It was poured rain all of last night and was pouring rain when we got up. However it had nearly stopped by time breakfast was served in the B&B and we were ready to roll. I had done a lot of work plotting the route out of Londonderry and it really paid off. There was about four turns, up a hill, quick left through a tunnel and within a few minutes we were out in the country.
The road had a lot of water on it from all the rain which had come down in the last day, so it was a game of dodge the puddles and try and time the puddles which oncoming cars would hit throwing huge waves of water up. The rain itself had dwindled down to a light sprinkle but the clouds hung ominously low.
About 15 kms out we had to ride up the A2 for a few kms and although there was a bike lane it was full of pot holes, gravel and rubbish. It wasn’t a very fun few kms. I was glad to turn north onto the Giant’s Causeway Highway. There was hardly any traffic and no trucks. In addition we were now out of the hills and following the coast so it was dead flat.
As Ken and I cruised along it was getting brighter and brighter. In fact the heavy clouds were breaking up and a spot of blue sky appeared. Then low and behold at the 40 km mark I looked down and was startled to see my shadow,so off came the rain gear. The Garmin was registering a blistering 17 C.
Just before we got into Coleraine we climbed a big hill and the town was laid out before us in the sun. It was so pretty. We felt just great having the sun on our backs. In town we foraged some sandwiched out of a Spar convenience store and were delighted to find 1 liter bottles of Chocolate milk on sale for 1Pound.
We had another 23 kms up to the Giant’s Causeway so we pressed on past a bunch of beautiful cliffs and beaches. We got to the Giant’s Causeway and as it was now 2:30 Pm, Ken and I decided we would only do the walk down to the stones rather than go through the interpretive center and do the cliff walk.
The Giant’s Causeway is a series of octagonal basalt columns which run from the cliffs down into the ocean. This lava flow is said to look like a causeway of paving stones, and as they are quite large they most have been for a giant’s causeway. It is actually quite a small area where these occur so it is unique. In comparison to the huge basalt cliffs of the Columbia River Basalt Plateau of Washington, Oregon and southern Idaho this is not much. Having said that it was fun walking down the 1.5 kms from the cliff top to see the rocks and climb on them. After all these are famous and nobody knows about those other rocks.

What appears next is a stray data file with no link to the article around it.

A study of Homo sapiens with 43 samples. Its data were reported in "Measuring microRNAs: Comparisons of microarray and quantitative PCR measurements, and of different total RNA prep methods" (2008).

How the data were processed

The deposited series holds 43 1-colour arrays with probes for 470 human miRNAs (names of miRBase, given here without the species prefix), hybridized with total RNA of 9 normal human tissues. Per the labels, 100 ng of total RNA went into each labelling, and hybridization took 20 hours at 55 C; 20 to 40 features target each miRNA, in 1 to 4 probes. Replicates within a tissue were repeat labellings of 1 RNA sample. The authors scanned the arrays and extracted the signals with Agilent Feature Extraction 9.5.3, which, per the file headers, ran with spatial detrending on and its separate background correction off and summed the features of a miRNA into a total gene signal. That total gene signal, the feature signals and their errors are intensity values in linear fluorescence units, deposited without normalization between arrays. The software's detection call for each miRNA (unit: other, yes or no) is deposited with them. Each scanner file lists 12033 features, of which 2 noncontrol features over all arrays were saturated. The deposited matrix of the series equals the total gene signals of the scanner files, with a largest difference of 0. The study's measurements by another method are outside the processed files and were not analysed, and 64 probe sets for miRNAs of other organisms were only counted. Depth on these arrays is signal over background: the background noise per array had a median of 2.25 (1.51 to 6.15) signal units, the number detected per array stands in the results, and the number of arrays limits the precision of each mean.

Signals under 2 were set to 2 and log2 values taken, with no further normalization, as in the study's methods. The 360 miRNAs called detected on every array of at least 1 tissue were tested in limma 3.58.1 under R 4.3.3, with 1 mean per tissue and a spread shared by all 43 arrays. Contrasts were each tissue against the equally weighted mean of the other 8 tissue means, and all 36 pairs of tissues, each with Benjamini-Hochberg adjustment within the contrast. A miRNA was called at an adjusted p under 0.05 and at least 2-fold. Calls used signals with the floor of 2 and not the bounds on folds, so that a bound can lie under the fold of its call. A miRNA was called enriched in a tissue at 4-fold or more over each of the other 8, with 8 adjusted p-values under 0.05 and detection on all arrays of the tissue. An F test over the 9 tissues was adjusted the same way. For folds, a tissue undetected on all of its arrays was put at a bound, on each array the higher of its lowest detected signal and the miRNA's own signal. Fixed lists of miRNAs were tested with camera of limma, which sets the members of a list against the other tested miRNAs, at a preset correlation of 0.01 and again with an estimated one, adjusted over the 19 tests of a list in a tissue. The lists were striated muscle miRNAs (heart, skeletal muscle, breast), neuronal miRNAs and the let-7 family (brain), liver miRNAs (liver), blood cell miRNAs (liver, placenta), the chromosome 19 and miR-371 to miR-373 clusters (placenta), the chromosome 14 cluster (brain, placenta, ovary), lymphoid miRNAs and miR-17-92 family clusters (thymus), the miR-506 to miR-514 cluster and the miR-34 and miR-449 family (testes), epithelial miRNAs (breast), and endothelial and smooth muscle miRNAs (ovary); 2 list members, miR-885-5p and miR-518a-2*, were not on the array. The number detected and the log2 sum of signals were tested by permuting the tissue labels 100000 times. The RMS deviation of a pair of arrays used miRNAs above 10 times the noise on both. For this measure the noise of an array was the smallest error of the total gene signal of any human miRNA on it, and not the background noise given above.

Ken and I still had 20 kms to get into Ballycastle and a bunch of big hills to go. The road would climb up over a cliff and then dive down to the ocean. Some of the views from the cliffs were absolutely stunning. We were done by time we rolled into Ballycastle it had been 105.6 kms and 1093 m of accent.
Jos and Patrick took the train from Londonderry up to Coleraine as it was raining in the morning. They did go in and see the Bushmills distillery in Bushmills and cycled in the afternoon. They missed a great ride, and gave up their EFI. In addition Jos was in contention for the coveted “White Jersey” being one of the youngest riders. However I believe that this pretty much takes him out of contention.
Tomorrow we ride into Belfast for a two day rest period.